It was only natural for the heated domestic debates on the Romanian justice to also ripple in Brussels
Romania’s President Klaus Iohannis on Wednesday held talks in Brussels with the EU officials on the rule of law, which preoccupies both the political class and the public opinion in Romania. The independence of the judiciary is an intangible issue, the Romanian President categorically stated. Fresh from the meeting with the President of the European Commission, Jean-Claude Juncker, Klaus Iohannis said the issues related to the justice laws and Criminal Codes must be settled in Romania without waiting for solutions from abroad.
Klaus Iohannis: “I am convinced that I will succeed to end these discussions in laws, which can be practically used in their best form. However, my most important objective remains the same, namely to ensure the intangibility of the independence of Romania’s judiciary, an issue I will completely dedicate to, doing all my best as a president to keep the things as they are.”
In turn, Jean-Claude Juncker said that Romania’s legal system is functioning and it cannot be said that Bucharest is neglecting the rule of law as long as the Constitutional Court’s rulings are observed. However, as Juncker has pointed out, backsliding is unacceptable for Romania at this time. The EU official recalls that the lifting of the Cooperation and Verification Mechanism(CVM) - through which Brussels is monitoring the good functioning of the country’s legal system - depends on the observance of these rules and so does the country’s Schengen accession, which Romania has been denied due to persistent corruption in its administration.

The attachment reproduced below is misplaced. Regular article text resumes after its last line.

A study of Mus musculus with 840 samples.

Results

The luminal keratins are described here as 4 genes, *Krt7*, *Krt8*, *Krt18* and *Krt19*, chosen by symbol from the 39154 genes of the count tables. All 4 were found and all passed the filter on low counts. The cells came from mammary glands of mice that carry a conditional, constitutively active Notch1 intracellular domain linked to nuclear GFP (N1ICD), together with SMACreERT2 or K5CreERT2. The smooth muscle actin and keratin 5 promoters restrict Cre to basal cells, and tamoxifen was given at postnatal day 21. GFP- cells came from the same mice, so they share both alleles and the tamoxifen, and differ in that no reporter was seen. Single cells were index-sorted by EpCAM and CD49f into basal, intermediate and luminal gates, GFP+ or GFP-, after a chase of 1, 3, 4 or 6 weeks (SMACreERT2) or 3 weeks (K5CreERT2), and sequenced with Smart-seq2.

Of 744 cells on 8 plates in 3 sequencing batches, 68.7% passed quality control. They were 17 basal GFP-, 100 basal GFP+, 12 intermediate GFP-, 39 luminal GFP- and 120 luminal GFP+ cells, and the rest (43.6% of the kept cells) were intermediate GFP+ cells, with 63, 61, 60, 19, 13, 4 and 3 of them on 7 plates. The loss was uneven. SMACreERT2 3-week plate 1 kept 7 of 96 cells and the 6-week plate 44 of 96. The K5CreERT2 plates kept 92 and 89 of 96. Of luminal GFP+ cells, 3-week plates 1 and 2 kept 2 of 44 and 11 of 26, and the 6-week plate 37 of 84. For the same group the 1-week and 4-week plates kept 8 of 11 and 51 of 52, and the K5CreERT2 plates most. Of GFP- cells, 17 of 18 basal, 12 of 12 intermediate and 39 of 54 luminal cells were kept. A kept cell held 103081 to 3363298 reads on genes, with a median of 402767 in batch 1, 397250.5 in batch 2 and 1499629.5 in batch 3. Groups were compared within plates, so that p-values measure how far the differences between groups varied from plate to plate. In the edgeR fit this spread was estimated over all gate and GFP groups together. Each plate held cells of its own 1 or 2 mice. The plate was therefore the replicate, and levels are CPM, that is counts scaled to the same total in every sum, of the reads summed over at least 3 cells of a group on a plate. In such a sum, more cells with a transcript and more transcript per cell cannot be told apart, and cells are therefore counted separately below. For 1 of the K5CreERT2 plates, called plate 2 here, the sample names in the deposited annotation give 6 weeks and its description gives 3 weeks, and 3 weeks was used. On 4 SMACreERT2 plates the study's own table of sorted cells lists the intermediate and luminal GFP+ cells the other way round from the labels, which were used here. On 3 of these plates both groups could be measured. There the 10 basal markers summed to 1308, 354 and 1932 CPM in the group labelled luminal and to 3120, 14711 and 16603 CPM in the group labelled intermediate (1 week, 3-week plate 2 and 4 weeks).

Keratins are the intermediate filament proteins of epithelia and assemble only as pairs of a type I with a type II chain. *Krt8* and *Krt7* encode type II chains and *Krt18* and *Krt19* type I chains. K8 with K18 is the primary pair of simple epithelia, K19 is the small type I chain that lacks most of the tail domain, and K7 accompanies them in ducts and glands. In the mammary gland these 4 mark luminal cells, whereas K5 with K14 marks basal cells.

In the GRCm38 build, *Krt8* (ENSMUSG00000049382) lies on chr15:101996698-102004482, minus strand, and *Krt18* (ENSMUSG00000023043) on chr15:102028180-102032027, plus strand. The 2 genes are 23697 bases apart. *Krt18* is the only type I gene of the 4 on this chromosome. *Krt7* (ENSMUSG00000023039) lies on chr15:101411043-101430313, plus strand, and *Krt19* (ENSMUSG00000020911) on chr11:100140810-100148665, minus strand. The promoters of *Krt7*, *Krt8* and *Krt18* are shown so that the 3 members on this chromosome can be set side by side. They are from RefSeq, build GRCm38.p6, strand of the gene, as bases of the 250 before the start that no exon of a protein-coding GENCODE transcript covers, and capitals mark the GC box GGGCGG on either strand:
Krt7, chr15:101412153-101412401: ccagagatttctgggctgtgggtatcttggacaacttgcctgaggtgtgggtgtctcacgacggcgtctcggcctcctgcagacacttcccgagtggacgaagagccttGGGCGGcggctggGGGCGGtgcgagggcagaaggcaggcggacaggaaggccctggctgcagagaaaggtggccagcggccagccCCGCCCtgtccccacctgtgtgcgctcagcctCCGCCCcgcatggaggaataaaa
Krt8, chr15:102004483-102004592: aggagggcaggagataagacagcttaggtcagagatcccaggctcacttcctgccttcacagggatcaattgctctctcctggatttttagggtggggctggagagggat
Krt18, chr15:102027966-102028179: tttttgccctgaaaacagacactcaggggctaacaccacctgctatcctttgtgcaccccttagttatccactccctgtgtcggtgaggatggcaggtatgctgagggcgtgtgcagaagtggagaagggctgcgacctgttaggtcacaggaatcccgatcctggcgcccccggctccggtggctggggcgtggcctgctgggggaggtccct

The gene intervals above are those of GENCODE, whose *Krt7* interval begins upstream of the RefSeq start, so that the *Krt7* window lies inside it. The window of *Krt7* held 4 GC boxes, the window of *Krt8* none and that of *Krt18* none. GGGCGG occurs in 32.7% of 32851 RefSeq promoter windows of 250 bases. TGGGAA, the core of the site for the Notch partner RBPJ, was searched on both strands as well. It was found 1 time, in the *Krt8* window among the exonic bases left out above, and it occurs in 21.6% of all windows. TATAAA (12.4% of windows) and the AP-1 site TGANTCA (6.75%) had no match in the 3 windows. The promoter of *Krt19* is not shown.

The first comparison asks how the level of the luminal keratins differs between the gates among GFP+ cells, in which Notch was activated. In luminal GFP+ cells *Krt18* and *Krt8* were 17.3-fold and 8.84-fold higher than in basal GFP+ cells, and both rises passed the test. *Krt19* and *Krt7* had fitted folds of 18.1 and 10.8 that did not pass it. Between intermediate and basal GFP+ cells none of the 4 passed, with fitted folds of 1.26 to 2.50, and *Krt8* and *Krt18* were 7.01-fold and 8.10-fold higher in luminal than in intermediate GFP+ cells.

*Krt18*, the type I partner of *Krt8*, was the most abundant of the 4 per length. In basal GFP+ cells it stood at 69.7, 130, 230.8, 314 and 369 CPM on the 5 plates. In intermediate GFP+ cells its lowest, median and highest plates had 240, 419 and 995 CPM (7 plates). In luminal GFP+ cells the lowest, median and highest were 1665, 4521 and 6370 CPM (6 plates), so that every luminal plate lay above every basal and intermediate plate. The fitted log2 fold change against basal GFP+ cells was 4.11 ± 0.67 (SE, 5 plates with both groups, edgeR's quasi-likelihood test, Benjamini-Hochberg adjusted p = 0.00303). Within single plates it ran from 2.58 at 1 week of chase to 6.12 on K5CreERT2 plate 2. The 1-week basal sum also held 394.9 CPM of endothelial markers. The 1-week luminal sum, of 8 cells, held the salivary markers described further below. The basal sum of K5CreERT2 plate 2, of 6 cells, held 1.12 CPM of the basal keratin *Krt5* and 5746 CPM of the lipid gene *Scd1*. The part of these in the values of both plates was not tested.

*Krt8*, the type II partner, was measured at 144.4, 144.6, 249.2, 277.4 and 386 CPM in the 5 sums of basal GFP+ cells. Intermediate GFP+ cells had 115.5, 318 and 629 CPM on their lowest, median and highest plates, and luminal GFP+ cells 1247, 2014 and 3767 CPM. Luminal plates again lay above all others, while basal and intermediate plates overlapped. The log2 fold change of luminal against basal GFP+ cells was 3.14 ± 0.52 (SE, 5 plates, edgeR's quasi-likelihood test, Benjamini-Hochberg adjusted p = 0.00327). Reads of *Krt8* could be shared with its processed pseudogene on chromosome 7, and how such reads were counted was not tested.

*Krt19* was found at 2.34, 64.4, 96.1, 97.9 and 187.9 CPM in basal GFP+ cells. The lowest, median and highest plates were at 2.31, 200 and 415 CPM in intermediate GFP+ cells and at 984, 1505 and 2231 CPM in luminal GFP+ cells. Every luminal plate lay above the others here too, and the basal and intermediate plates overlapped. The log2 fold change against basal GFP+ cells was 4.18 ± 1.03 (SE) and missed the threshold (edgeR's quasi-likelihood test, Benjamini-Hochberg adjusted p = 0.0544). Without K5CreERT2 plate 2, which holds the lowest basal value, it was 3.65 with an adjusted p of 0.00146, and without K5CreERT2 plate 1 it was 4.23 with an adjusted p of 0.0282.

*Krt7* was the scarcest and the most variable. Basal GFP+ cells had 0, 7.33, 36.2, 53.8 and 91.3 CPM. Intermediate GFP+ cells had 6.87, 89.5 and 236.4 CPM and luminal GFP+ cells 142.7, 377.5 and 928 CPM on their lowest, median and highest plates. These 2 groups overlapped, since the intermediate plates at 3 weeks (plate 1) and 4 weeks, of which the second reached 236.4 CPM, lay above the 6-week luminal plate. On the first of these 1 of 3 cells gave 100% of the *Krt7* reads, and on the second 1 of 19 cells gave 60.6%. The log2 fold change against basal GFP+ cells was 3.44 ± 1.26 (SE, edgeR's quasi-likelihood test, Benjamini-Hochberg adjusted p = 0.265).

Romanians do not deserve to be treated as second-hand Europeans, Juncker said, adding that, to him, Romania and the Romanians are at the centre of the European life. Jean-Claude Juncker also expressed his willingness to continue to make all the efforts to reach this objective. His statements come after the Bucharest Embassies of 7 EU members and the Commission itself have voiced concern about the amendments to the justice laws. These have been also vehemently contested by the right-wing opposition in the Romanian Parliament and also by hundreds of thousands of protesters who have taken to the streets of Bucharest for a year fearing that the PSD-ALDE ruling coalition is trying to subordinate the magistrates and put an end to the anti-graft fight.
In response, representatives of the government coalition say the amendments are putting the justice laws in line with the rulings of the European Court of Human Rights where Romania has been constantly accused for the errors in its courts and the abuses in its penitentiaries as well as with previous rulings of the country’s Constitutional Court. In January though, notified by the High Court of Cassation and Justice as well as by the Liberals, in opposition, it was the constitutional judges who tried to stop the reforming zeal of the ruling coalition, as they came to the conclusion that some changes regarding judicial organization and the status of magistrates are unconstitutional.